Written by Roger Langridge
Art by Chris Samnee
Cover by Chris Samnee
Publisher: Marvel Comics
Sometimes the downside to having published comics on a character for decades is that a history develops that can bog down said character and make it daunting for a new reader to jump on and try reading a book starring the character. Not to mention that most books that are part of a line get intermixed with other comics in that universe and it can just plain be confusing at times why a character is somewhere or doing something. That is why in a week where issues of Action Comics, Detective Comics, Fantastic Four, Wonder Woman and even Thor were released with an issue number of at least 500 deep, it was the perfect time for a book like Thor: The Mighty Avenger, that is disconnected from the current Marvel Universe and starring a legendary character in Thor with none of the continuity that is around his long-running comic to shine.
To my knowledge this is my first taste experiencing writer Roger Langridge's work, and through two issues he has produced a wide range of situations for Thor to be in without making it complicated to follow and more importantly the reader gets to know the basics about Thor, that he is a good guy trying to do the right thing in a world that is not his. Artist Chris Samnee's look for the book adds to the open, simple feel the story has without the heavy, over complication continuity can add to a title. His skill really shines when illustrating the magnificent moment of Thor reuniting with his hammer, to then later go to a sweet moment of Jane kissing Thor on the cheek while he is encumbered with a load of food he is about to eat and still have the same elegance to the art.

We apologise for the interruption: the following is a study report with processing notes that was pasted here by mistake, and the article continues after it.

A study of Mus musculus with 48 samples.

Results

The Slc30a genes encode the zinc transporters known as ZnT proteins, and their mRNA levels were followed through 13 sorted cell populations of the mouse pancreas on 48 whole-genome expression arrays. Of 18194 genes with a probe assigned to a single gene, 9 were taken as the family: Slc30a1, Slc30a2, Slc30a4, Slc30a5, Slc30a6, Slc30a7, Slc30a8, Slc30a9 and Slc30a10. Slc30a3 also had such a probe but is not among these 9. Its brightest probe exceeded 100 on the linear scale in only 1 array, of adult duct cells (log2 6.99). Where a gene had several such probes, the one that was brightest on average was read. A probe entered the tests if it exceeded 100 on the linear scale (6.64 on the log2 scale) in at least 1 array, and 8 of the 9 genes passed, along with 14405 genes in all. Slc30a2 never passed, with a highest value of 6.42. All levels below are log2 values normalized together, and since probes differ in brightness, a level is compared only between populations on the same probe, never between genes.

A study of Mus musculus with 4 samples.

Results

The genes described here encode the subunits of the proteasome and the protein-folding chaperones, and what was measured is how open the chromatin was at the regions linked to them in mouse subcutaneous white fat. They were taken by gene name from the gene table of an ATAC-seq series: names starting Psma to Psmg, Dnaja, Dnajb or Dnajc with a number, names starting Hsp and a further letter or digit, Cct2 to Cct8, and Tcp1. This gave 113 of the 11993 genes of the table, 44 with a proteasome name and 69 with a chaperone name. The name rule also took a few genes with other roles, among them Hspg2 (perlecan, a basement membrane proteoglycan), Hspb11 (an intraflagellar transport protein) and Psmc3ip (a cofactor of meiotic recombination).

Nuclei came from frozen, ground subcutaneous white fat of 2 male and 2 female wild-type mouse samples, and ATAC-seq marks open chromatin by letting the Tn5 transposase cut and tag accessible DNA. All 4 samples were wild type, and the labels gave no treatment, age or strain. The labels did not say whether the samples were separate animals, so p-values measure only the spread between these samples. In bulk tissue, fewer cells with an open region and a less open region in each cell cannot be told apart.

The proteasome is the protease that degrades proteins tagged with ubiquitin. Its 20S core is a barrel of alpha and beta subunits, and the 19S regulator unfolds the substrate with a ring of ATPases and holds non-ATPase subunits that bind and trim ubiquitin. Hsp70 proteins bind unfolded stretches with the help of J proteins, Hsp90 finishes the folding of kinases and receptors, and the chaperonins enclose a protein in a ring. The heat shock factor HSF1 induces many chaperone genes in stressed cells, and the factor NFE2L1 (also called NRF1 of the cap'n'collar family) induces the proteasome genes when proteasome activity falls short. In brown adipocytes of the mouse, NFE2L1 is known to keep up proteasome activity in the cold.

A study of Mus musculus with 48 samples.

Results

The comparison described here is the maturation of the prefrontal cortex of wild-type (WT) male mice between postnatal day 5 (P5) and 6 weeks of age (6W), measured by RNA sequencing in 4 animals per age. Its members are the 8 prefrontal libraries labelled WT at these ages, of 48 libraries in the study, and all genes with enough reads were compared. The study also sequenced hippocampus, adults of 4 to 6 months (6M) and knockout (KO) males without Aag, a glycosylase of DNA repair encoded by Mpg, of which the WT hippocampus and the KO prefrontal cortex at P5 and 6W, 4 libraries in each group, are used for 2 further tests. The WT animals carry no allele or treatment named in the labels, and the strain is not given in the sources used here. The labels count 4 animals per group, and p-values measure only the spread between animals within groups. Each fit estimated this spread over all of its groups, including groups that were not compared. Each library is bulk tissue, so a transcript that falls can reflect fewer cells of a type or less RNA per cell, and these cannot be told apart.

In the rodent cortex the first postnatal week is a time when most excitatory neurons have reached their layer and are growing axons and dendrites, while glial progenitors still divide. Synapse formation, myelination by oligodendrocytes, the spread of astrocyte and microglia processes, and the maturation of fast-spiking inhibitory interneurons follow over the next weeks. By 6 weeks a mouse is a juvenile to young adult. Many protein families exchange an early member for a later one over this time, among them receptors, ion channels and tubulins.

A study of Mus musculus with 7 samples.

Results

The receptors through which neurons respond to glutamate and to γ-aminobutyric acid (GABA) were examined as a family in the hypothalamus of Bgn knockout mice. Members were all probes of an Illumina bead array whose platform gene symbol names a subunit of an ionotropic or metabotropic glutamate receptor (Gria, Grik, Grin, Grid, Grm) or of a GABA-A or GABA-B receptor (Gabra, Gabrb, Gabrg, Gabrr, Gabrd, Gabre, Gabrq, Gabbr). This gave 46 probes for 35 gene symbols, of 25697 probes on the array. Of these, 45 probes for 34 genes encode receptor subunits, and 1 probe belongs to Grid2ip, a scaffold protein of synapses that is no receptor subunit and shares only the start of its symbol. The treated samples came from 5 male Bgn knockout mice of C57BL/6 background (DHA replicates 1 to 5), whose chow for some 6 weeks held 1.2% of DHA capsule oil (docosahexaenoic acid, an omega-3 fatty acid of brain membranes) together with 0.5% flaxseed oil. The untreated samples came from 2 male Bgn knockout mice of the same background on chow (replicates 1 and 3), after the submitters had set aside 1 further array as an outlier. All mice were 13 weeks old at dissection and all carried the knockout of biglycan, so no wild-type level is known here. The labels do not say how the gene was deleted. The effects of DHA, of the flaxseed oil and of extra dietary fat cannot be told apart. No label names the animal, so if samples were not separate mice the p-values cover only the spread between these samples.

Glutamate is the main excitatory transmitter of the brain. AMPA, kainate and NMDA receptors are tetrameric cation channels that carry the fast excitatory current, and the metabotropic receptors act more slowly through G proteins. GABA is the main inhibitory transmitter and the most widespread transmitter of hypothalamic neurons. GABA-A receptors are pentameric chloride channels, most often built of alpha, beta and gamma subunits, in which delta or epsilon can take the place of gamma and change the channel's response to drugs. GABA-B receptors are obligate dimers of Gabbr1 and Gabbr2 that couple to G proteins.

This second issue continues the story of Thor invading Jane Foster's life and defending her against the attention of a 'Mister Hyde' all the while trying to find out why he was in this world and how he can get back home to Asgard. It's clear that a connection is developing between Jane and Thor after he defended her virtue and with no home to go to I look for that bond to grow.
There is something about having such a small cast that really endears Thor and Jane to the reader and I am eager to see the further adventures (or misadventures) that come up now that Thor is around. Anyone looking for a superhero book should give Thor: The Mighty Avenger a chance because it's clear this is the start of something really great.